Issaquah probation officer takes it one day at a time

Melanie Vanek handles duties for Issaquah, North Bend and Snoqualmie.

Melanie Vanek thought about police work while in college at the University of Washington. She took an internship with the city of Seattle in the probation office in 1999, and was hooked.

With a sociology degree and a minor in society and justice, her first paid position was home monitoring. Then, on June 1, 2012, Issaquah hired its first probation officer and she jumped at the opportunity to start a brand new department. But along with Issaquah came North Bend and Snoqualmie. The latter two came in the package since they contract with the Issaquah court.

Vanek doesn’t have to make house calls anymore. Those who are under her supervision come to her. She has 102 active cases — people who see her regularly. Standard visits are once a month — over time she’ll reassess cases to see if they can come less frequently.

It all depends on how they’re doing she said. All of her “clients” come to her by court order. The first thing she does is a risk assessment. Vanek will ask the individual how many times they have moved in the past year, if they’re employed, on drugs or alcohol, if they’ve been on probation before or if they have a record of assault. There are those she prefers to see more often because they’re higher risk. However, she said she never really feels threatened.

“People get frustrated, but it’s been a long time since I was threatened,” she said.

She tends to have her appointments when court is in session because security is present.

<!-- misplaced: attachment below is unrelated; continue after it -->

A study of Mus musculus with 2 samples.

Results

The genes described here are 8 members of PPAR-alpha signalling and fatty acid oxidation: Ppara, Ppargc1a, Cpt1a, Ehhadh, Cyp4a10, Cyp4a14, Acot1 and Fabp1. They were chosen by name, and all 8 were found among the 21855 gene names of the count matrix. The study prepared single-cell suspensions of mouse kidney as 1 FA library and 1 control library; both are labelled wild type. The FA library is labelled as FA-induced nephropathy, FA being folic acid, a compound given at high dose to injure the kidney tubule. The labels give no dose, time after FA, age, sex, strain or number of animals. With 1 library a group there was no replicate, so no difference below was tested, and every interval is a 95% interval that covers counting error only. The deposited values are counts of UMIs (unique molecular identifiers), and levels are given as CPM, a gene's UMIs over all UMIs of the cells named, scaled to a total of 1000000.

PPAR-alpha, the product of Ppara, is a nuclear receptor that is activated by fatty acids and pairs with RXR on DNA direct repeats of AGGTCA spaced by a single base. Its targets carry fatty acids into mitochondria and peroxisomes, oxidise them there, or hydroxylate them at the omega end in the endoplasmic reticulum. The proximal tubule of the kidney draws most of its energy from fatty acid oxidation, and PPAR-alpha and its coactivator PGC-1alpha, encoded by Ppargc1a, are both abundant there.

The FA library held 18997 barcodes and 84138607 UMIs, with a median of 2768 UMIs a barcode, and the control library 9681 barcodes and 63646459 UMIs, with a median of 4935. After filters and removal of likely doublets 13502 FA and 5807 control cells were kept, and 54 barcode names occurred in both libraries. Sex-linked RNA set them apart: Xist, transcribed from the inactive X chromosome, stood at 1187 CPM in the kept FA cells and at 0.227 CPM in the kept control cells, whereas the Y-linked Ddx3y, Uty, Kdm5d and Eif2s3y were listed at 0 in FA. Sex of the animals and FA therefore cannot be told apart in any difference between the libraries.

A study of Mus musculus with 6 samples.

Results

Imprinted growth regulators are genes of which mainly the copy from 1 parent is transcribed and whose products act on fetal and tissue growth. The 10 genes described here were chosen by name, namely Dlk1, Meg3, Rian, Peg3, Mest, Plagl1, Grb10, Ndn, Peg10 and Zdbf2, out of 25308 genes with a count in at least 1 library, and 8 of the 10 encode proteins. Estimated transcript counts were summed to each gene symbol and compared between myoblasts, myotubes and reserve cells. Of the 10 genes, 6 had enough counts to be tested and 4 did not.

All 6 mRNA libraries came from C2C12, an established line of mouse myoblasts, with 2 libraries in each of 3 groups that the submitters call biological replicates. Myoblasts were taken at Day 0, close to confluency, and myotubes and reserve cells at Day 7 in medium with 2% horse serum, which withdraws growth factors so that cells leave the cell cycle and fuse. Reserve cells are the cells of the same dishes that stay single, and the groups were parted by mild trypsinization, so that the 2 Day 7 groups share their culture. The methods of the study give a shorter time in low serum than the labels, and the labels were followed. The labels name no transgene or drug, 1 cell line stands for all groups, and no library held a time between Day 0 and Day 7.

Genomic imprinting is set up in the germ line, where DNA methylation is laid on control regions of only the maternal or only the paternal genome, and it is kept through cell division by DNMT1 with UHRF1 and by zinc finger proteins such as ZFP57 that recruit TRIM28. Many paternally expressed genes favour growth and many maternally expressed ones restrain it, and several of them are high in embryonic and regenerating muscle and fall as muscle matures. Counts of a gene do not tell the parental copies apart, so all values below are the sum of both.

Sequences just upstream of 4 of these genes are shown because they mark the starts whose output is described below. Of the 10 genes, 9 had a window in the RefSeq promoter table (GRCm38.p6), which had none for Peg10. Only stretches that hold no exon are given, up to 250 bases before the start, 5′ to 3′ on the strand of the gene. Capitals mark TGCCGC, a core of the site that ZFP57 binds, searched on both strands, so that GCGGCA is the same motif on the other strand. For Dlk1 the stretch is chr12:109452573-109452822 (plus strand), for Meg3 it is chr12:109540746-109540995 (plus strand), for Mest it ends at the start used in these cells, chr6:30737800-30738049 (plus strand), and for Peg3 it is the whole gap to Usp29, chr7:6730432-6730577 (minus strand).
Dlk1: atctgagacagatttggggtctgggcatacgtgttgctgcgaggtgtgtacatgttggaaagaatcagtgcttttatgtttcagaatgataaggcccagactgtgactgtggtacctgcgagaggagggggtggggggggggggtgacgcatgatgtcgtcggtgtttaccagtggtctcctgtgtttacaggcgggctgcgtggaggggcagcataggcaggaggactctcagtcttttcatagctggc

“What’s normal in my day to day is not normal for people in general,” she said.

Vanek administers court ordered alcohol and drug testing. A urinalysis check will spot not only alcohol, but also a number of illicit drugs. She accompanies the females to the restroom, but not the males. Men on probation have tried the switcheroo on her with their urine, but she caught on quick.

At her fingertips is also a mouth swab kit, which instantly tells her if there is something in the person’s system that shouldn’t be there. Vanek also has a breathalyzer kit to use if someone appears to be under the influence of alcohol when they come in to see her — especially important if the reason the person is on probation is because of DUIs.

Vanek is dealing with people who have been charged and sentenced for a misdemeanor or a gross misdemeanor. The latter carries up to a year in jail, and includes offenses such as DUI, domestic violence or third degree theft.

Vanek is not authorized to make arrests, search a suspect or charge them with a crime, but once the court orders someone to see her, she can recommend conditions such as a mental health assessment.

Married and a new mom, she said her husband is a 911 dispatcher, so he understands what she does and doesn’t worry about her.

Dedicated to her profession, she was the Probation Officer of the Year in 2008 when she worked for the city of Kirkland, an honor given by the Misdemeanant Corrections Association. She’s been on the association’s board since 2008 and currently serves as the technology chair.

“It’s our way of staying connected with each other for continuing education and legislative issues,” Vanek said.

For someone who sees it all, she is very happy.

“I love it here,” she said. “I’ve found my home.”